State climatologist updates Texas' drought situation

Texas remains in second-worst drought in recorded history


SAN ANTONIO – Recent rains have kept the menacing drought out of the headlines, but as a whole, the state of Texas is still very much within its grips.

Few people know more about the numbers and trends than Dr. John Nielsen-Gammon, a state climatologist.

"I don't think any place is going to run out of water," said Nielsen-Gammon at a recent meeting about Hill County water issues.

Despite some cities coming close, Texas' water-starved future is, perhaps, not as dire as some might think.

"This current drought cycle we're in, we're more than halfway through based on past historical examples of it," said Nielsen-Gammon.

Planning -- such as San Antonio Water System's desalination plant and water restrictions -- are more likely preparing Texans for droughts decades down the road.

Still, according to Nielsen-Gammon, numbers show that this remains the second worst drought on record, with the dry stretch in the 1950s still firmly holding the top spot. He also noted that drought is not the only culprit behind Texas' declining rivers and lakes.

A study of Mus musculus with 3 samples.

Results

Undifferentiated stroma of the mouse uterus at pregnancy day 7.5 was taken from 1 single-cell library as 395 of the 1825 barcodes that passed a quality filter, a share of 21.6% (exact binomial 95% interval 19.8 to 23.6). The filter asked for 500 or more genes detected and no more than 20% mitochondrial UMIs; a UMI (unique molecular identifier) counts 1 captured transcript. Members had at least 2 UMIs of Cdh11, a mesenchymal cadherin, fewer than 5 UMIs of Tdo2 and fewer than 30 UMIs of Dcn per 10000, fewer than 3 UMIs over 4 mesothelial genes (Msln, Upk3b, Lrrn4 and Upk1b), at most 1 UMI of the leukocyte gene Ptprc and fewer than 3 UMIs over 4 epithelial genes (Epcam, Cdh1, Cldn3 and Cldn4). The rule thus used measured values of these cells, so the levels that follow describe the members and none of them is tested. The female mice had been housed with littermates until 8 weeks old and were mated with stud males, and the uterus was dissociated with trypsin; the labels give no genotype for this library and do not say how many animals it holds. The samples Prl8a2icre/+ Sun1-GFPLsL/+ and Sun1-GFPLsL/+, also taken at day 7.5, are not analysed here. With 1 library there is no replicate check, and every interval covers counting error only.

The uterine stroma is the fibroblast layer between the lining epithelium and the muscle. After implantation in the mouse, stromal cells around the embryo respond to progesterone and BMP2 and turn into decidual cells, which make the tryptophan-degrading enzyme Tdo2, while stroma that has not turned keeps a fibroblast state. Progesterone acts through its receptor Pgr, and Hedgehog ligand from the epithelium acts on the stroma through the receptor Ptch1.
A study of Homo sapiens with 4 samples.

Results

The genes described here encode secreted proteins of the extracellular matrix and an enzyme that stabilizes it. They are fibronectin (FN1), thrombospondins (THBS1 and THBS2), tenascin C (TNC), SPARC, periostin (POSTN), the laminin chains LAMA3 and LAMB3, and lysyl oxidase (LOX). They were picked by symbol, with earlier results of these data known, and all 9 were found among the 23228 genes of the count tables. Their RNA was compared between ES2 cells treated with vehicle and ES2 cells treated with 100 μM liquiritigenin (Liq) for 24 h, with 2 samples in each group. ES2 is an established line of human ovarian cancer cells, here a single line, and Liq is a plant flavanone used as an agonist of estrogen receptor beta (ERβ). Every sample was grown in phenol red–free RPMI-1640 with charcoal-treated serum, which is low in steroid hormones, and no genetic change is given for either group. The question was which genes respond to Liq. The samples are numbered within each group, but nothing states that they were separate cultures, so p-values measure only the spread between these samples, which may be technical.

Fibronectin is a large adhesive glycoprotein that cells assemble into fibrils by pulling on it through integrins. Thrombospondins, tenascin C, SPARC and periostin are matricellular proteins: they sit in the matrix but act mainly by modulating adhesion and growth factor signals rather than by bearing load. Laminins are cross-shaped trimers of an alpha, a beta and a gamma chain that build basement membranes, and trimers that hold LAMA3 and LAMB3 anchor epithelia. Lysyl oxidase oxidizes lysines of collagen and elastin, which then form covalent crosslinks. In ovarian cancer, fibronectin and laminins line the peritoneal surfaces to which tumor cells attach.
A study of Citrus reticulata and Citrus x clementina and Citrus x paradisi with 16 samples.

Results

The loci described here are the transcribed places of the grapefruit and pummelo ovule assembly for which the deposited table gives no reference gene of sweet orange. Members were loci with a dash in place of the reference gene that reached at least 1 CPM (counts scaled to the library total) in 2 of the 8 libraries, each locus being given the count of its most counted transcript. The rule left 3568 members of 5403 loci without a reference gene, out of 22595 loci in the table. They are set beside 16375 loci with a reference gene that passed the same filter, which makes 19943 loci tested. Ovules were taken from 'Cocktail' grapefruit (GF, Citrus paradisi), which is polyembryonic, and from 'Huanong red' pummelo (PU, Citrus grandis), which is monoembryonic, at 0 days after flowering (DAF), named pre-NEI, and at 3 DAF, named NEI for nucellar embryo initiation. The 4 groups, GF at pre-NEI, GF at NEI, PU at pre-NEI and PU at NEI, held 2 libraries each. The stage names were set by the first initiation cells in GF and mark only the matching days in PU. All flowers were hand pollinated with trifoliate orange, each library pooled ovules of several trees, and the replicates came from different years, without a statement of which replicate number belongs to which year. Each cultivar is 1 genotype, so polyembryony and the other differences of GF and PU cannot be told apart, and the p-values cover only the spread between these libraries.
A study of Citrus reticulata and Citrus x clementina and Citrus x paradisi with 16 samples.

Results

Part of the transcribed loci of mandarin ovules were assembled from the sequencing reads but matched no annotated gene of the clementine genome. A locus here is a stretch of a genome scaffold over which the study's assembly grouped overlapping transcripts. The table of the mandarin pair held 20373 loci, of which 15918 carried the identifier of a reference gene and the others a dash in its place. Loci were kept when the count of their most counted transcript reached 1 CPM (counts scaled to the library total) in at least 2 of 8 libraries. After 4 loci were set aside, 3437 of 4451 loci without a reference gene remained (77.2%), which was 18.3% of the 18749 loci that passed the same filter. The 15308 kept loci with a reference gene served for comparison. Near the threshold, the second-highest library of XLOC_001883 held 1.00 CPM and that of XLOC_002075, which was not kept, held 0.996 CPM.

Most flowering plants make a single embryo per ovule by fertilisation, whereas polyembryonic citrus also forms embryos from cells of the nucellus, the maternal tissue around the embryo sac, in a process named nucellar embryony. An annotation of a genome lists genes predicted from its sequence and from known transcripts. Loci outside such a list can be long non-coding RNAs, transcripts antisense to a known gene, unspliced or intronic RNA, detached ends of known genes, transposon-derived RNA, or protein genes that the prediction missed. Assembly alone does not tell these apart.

"The biggest driver is population, but weather and climate ranks second on that big list," said Nielsen-Gammon.

The latest drought monitor for Texas still showed more than half the state within a "drought" designation, with parts of South Central Texas in the "extreme" category.

Meanwhile, Nielsen-Gammon pointed out that the Atlantic Hurricane season did little to help Texas this year, but that changes over the Pacific Ocean may provide for some encouraging news.

"We got El Nino-type conditions present, even though it's not official, so that tilts the odds in favor of a wetter than normal winter," he said.